Los Angeles

Port of LA Announces Fee on Lingering Empty Containers Amid Backlog

Kyle Grillot | Bloomberg | Getty Images

The Port of Los Angeles announced Thursday that it plans to implement a fee on ocean carriers with empty containers that linger for at least nine days on marine terminals.

The fee needs to be approved by the Los Angeles Harbor Commission and would take effect on Jan. 30. 

Similar to a fee on lingering import containers that was implemented at the port but has not taken effect due to progress reducing import containers, the new policy's fines would begin at $100 per container, increasing by $100 per container each day until the container leaves the terminal.

“While we have seen significant success reducing import containers on our docks the past two months, too many empty containers are currently sitting on marine terminals,'' said Port of Los Angeles Executive Director Gene Seroka. “Just like the import dwell fee, the objective with this empty container program is not to collect fees but to free up valuable space on our docks, clearing the way for more ships and improving fluidity.”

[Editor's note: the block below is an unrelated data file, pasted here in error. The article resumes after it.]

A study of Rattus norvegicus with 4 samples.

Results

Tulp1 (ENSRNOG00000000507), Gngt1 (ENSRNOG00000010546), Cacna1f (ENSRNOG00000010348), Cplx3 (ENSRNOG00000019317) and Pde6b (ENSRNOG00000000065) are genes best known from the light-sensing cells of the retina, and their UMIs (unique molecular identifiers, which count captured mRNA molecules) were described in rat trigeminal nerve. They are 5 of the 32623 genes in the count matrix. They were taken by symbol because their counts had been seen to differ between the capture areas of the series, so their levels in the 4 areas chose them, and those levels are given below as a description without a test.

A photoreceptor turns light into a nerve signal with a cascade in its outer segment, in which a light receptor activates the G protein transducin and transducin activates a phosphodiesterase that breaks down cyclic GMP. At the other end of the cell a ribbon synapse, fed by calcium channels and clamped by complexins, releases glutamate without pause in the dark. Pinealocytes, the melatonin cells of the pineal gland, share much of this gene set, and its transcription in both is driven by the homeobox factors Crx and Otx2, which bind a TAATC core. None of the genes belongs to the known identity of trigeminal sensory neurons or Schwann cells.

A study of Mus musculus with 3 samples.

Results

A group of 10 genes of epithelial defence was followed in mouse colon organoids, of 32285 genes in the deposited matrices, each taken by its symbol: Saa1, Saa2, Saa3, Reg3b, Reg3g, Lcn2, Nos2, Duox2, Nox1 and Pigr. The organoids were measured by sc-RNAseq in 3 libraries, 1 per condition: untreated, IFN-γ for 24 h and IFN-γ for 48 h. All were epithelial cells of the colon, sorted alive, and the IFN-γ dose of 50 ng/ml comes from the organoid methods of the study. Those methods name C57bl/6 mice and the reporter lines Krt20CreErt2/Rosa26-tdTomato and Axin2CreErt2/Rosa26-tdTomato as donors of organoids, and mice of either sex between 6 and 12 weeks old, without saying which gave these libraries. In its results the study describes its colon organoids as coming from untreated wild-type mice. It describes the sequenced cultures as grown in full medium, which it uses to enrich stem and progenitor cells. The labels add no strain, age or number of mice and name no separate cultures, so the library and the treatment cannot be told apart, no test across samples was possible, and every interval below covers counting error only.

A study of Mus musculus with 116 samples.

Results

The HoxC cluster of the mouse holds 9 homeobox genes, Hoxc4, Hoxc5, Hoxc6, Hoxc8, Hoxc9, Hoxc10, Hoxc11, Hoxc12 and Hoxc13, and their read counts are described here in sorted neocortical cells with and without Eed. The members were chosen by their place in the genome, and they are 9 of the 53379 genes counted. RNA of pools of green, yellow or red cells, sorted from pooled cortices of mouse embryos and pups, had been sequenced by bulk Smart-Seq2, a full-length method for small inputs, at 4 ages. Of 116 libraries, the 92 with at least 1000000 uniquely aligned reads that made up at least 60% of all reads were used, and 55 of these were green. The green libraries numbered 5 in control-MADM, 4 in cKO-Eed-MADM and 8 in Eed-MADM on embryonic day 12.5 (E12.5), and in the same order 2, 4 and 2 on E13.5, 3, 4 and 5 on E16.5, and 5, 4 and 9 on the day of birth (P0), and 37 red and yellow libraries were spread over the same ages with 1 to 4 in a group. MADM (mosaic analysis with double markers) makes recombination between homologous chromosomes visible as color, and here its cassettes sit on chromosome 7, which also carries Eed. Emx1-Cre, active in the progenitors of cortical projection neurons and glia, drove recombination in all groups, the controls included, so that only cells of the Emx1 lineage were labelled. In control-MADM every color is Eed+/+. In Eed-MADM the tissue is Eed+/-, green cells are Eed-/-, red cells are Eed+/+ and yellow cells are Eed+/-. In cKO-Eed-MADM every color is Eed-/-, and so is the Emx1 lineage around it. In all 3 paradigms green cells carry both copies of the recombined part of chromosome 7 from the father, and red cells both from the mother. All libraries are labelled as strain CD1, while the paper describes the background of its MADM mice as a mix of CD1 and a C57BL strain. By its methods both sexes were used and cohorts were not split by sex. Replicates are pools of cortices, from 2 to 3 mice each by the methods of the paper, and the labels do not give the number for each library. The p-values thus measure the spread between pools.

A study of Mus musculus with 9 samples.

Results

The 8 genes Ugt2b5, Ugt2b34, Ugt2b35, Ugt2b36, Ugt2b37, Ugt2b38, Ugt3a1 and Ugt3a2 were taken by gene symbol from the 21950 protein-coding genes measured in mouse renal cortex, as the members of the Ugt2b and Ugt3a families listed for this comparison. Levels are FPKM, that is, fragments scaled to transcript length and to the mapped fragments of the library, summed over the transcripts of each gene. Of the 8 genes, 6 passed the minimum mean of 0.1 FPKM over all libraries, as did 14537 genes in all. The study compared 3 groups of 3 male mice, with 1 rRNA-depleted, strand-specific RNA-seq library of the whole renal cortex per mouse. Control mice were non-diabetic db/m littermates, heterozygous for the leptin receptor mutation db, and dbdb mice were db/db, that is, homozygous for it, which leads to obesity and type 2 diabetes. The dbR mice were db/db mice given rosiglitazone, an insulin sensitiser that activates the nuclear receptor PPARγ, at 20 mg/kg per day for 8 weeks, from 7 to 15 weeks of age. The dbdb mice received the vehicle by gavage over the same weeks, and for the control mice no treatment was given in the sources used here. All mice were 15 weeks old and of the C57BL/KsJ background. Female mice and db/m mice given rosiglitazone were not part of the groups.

The Los Angeles Harbor Commission will vote on the proposed policy Jan. 13. A representative for the Port of Long Beach said Thursday the port was considering its options regarding additional fees during the backlog. 

The ports of Los Angeles and Long Beach announced on Oct. 25 a fee on lingering import containers. Implementation was delayed several times, most recently on Monday, due to progress in reducing the number of port containers at the terminal. On Monday, the ports reported a 41% combined decline in aging cargo on the docks.

“As expected, progress has eased due to year-end holidays,” the Port of L.A. said in a statement Monday. 



The fees are just some of several efforts aimed at speeding the processing of cargo at the San Pedro Port Complex to eliminate a backlog of ships trying to deliver merchandise. Port of Los Angeles officials said when the first policy was announced that about 40% of import containers were idling at terminals for at least nine days.